The Invesco CurrencyShares Japanese Yen Trust (NYSEARCA:FXY) offers investors a way of taking advantage of the Japanese yen’s extreme undervaluation and the reversal in monetary policy trends in Japan and the US. The FXY holds Japanese yen in a deposit account held by JPMorgan Chase (JPM) and charges a 0.4% expense fee. As overnight interest rates in Japan have been negative over the past 7 years, the FXY has actually lost 0.5% annually relative to the USDJPY exchange rate. I last called for a reversal in the yen and the FXY in April and since then the ETF has lost a further 10% as US real yields have risen further. However, since then the Bank of Japan has taken steps to tighten monetary policy while the US tightening cycle appears to have ended.
Yen Extremely Undervalued Thanks To BOJ Reflation Attempts
The Japanese yen has been the single worst performing major currency since policymakers opted to ‘reflate’ the Japanese economy in 2012, losing almost 50% of its value against the dollar over this period. Only the Turkish lira has suffered more over this period. The yen was not particularly overvalued in 2012, and since then its inflation rate has averaged 2% lower than the US. This means that the yen has lost over 60% of its value in real terms versus the US dollar. This can be seen in the chart below which shows the USDJPY exchange rate against its fair value as measured by the general price differential between the two countries.
The 60% decline in the real value of the yen relative to the dollar over this period has been almost entirely the result of punitively low interest rates in Japan relative to the US. While it is real yields not nominal yields that drive currency moves, even with lower rates of expected inflation, bond yields have been so depressed that real yields have moved significantly in the dollar’s favor.
The following chart shows the evolution of 10-year inflation-linked bond yields broken down into nominal yields and expected inflation. At the yen’s peak in early 2012, 10-year yields were around 1% but lingering expectations of deflation following the Global Financial Crisis meant real yields were around 1.5%. The Bank of Japan’s decision to ease monetary policy in 2012 saw bond yields fall and inflation expectations rise, driving a significant decline in real yields.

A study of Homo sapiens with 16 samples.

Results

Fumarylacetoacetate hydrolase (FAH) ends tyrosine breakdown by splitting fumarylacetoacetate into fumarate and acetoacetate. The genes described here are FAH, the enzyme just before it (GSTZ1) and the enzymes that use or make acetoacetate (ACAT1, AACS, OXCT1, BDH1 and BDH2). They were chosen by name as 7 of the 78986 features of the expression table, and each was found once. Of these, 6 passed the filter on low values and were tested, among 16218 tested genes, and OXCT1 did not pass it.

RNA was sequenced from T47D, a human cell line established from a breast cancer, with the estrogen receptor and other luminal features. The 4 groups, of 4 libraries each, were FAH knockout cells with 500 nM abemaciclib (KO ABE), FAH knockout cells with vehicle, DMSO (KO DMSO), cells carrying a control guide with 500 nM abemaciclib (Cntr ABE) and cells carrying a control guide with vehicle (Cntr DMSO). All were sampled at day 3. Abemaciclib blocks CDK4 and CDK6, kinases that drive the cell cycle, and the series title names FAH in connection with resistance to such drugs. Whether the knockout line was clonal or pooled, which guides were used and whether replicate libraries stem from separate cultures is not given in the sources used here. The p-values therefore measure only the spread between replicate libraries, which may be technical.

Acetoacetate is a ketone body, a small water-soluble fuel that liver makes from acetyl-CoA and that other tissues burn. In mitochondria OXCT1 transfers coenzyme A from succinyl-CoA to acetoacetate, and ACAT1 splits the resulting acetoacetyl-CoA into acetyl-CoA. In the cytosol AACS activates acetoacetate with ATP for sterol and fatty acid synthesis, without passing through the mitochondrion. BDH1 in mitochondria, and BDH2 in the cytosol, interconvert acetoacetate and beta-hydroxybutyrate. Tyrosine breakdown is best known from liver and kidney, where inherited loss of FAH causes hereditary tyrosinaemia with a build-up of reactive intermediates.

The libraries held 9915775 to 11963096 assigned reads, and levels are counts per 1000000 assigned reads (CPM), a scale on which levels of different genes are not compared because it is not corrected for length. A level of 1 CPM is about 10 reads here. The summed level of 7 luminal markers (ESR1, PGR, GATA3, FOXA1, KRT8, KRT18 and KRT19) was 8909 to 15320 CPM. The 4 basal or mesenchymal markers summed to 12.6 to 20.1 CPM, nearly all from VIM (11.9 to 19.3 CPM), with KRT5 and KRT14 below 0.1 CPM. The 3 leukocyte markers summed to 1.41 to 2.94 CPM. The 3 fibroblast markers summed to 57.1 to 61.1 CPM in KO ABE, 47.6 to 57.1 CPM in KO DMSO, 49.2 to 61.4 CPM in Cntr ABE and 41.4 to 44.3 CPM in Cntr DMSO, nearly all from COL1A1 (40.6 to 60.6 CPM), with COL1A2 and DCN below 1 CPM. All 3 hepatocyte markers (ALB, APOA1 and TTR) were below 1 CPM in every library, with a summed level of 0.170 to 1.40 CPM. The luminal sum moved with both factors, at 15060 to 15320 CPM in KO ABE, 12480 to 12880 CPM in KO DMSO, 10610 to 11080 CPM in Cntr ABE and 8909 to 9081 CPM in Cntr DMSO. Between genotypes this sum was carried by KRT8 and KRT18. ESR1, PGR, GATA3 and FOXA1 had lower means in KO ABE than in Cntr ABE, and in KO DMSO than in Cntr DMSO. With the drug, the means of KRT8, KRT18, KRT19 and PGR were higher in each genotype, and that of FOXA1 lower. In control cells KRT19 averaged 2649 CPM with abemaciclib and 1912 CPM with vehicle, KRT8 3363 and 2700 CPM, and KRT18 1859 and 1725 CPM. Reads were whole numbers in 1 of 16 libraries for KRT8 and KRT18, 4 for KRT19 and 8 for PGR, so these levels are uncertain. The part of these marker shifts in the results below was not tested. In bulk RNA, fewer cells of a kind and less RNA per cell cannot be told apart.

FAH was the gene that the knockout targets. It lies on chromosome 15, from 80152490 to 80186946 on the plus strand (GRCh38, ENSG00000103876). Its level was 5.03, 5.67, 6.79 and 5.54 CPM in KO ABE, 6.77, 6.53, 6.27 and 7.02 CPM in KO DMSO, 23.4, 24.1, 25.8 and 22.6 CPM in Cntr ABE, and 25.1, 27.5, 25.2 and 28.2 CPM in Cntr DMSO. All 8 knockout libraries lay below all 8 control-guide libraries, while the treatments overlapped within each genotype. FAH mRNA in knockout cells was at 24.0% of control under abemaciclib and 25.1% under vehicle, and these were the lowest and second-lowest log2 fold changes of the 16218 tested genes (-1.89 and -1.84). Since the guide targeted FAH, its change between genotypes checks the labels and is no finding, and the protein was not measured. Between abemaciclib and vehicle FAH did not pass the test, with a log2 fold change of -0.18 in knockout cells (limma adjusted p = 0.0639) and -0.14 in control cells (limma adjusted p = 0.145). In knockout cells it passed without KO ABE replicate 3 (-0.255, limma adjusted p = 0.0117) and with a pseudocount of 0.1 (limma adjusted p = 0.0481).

This contrasts greatly with the path of US real bond yields, which are now at multi-years highs. This divergence in monetary policy between the BOJ and the Fed has been the key driver of the yen’s weakness as shown in the chart below.
Monetary Policy Divergence Likely To Reverse
There are now several signs that this monetary policy divergence is set to reverse course. The BOJ is gradually allowing long term bond yields to rise, and while 10 year yields are just 0.7%, this is a decade high and the trend is for further flexibility. While Japan’s huge primary fiscal deficit remains large, its interest payments on this debt amount to just 1.5%, compared to 3.6% for the US. Meanwhile, with the BOJ already owning the majority of the public debt stock, its debt held by the public is only around 30% of GDP. The same metric for the US is around 70%.
With private debt also much lower in Japan, the BOJ will be able to allow yields to rise further, which in turn should help keep inflation expectations in check. 10-year breakeven inflation expectations remain at just 1.2%, in part thanks to the disinflationary impact of Japan’s huge external surplus, and so we should expect real yields to head back into positive territory over the coming months.
In contrast, 10-year US real yields are highly likely to move lower as spiraling debt servicing costs will necessitate lower interest rates. As a large net external debtor, high real yields also threaten to undermine the US’s already poor fiscal position as I explained in ‘The U.S. Dollar Privilege Likely Ending – Diversify Now‘. I would not be surprised to see the real 10-year bond differential move back in Japan’s favor over the coming years. Based on the correlation with the FXY, this should be expected to take the ETF to around $80 from its current level of $63.